Man of the Year
I love baseball and haven’t read a Harlequin American Romance in years, so when I saw Man of the Year on the list of books to be reviewed, I asked for it. Lisa Ruff’s debut novel turned out to be a pleasant read indeed.
The Seattle Rainiers baseball team is not popular at all. Scandals over the past few years, combined with losing seasons and lackluster play, have cost them whatever fan loyalty they had. Elliot, the team owner, begins the season by cleaning house. He fires the most egregious offenders and brings in new talent. One of the new players is Jarrett Corliss, a pitcher who is superb when he is healthy. However, Jarrett had rotator cuff surgery in the off season and his arm is still a bit sore. The Rainiers are willing to give him a chance, but Jarrett knows this is his last chance.
Now that they have a nice new team, the Rainiers have to get a new image to bring fans back to the ball park. Enter Samantha James, owner of Emerald Advertising. Samantha knows baseball – her brother Boomer is a hot slugger with the Rainiers – and she arranges to meets the team. She wasn’t expecting the coach to take her into the locker room, but business is business. Jarrett zooms in on her at once and Samantha shows she can dish it out with the best of them. She leaves filled with ideas for an advertising campaign, one that will feature Jarrett as one of the stars. Jarrett vows he will get Samantha to go out with him no matter what he has to do.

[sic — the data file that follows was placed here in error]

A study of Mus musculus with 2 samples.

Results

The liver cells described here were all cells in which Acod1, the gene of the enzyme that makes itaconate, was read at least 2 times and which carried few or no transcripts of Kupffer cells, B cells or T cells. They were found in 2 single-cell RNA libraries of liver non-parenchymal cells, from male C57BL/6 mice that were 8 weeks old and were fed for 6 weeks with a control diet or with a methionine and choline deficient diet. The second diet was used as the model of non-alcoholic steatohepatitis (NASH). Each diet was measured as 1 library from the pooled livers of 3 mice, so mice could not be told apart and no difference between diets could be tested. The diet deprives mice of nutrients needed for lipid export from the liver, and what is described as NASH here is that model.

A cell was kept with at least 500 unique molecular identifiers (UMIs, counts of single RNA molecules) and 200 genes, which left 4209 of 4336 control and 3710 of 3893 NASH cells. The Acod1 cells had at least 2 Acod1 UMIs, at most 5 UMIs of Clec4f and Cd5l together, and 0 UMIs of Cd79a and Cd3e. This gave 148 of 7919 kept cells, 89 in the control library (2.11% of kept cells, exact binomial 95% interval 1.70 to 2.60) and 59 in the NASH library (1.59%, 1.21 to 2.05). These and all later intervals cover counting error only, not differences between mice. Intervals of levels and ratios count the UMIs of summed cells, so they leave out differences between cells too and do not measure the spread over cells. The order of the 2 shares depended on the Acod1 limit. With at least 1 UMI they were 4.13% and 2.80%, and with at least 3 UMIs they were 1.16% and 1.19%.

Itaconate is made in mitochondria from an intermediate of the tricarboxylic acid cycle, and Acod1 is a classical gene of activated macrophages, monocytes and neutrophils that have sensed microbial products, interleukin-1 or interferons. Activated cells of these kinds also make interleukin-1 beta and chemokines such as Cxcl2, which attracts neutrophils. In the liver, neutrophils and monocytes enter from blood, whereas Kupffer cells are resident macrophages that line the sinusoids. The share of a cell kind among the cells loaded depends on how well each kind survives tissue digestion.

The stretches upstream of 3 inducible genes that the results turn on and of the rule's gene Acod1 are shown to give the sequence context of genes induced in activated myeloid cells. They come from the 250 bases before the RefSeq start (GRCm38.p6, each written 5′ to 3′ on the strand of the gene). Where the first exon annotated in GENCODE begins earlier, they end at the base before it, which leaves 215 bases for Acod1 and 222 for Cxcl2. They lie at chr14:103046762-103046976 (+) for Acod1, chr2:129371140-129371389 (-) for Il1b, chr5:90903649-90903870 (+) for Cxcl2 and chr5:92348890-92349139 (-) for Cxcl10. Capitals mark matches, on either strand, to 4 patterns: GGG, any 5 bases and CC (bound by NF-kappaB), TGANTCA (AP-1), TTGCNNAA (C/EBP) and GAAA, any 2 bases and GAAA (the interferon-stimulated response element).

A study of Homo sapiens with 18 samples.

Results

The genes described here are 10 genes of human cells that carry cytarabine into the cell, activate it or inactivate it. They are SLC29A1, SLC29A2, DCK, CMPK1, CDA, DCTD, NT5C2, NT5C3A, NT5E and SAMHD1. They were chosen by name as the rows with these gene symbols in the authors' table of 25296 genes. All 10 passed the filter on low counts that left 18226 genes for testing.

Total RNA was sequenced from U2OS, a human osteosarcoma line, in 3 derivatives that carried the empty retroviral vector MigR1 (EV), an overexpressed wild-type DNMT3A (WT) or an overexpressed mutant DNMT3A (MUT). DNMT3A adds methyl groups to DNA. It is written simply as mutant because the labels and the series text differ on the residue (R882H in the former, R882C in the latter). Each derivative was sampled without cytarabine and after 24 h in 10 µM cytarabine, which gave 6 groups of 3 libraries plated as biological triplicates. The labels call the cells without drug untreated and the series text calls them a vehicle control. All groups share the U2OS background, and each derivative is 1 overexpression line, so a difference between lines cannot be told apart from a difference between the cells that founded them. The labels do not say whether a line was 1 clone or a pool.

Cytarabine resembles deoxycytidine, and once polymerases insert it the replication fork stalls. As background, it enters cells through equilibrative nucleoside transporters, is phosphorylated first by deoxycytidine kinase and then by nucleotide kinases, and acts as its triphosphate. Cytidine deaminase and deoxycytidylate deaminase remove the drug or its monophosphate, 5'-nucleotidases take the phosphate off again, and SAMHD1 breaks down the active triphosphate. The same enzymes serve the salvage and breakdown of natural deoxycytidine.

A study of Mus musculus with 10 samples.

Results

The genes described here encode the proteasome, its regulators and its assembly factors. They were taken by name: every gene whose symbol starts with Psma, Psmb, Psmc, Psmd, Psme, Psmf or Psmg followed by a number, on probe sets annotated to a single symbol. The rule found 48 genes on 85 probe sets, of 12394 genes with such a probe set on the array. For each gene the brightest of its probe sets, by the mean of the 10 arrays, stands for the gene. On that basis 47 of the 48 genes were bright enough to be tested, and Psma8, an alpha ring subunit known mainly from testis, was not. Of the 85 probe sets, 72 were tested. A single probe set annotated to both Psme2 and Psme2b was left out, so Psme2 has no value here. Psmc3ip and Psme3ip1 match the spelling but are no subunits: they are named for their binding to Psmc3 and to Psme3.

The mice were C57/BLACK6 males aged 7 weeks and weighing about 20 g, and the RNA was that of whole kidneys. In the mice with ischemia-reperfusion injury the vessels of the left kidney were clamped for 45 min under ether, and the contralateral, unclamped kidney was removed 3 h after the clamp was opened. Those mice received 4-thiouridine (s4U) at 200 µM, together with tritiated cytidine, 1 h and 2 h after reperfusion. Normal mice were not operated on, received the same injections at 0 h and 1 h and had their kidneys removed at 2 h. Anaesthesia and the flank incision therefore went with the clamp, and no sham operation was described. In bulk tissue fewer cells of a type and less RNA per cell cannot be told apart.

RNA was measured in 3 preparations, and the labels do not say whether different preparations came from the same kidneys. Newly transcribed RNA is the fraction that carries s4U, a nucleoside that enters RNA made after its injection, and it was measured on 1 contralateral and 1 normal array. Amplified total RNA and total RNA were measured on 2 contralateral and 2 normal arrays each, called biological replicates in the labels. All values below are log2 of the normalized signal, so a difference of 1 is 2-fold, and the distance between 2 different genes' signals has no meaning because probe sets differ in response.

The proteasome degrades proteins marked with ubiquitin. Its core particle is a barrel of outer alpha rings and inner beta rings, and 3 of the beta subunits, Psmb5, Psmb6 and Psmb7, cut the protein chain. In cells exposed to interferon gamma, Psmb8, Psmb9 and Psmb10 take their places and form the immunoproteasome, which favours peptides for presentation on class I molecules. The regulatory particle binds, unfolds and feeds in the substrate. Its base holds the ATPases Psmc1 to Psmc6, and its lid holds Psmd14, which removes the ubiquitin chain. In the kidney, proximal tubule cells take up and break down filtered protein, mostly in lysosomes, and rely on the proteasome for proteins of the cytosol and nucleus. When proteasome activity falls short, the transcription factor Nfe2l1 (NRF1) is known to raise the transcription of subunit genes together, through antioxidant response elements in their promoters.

Jarrett finally does convince (blackmail) Samantha to go to dinner with him and they have a wonderful time. However there’s a problem – Elliot has forbidden his players to fraternize with any of the employees of Samantha’s ad agency. The scandals of the past have burned him badly and he wants the team to have a clean image. Samantha needs this account for her business. She has turned aside other work to focus on the Rainiers and this could be her big chance. However, Samantha and Jarrett continue to meet – and grow closer – but a scandal from a totally unexpected source may cost them their new relationship and Samantha’s business too.
Man of the Year wasn’t anything new, but I enjoyed myself reading it. Samantha was a great character – smart and funny and from the descriptions of her business, she seemed like she actually knew what she was doing. I’ve read romances set in the business world where it seemed as though the characters were just playing around. The atmosphere at Emerald Advertising felt authentic.
Equally well-written was Jarrett. For a long time he defined himself only by how good he was at baseball, but since his surgery, he’s had to look outside the game. Jarrett’s devotion to baseball remains, he’s become a more interesting and mature man. He is also funny, and a good friend with enough cockiness to make him endearing, not obnoxious.
Some of the events in the book are over the top, including Jarrett’s pitching a perfect game, a feat so rare that only 17 pitchers have ever accomplished it, but since Man of the Year has a slightly fairytale quality, I didn’t mind. If you like baseball, this book will be perfect. And if you don’t like baseball, read it anyway – the characters are too good to be kept to just sports fans.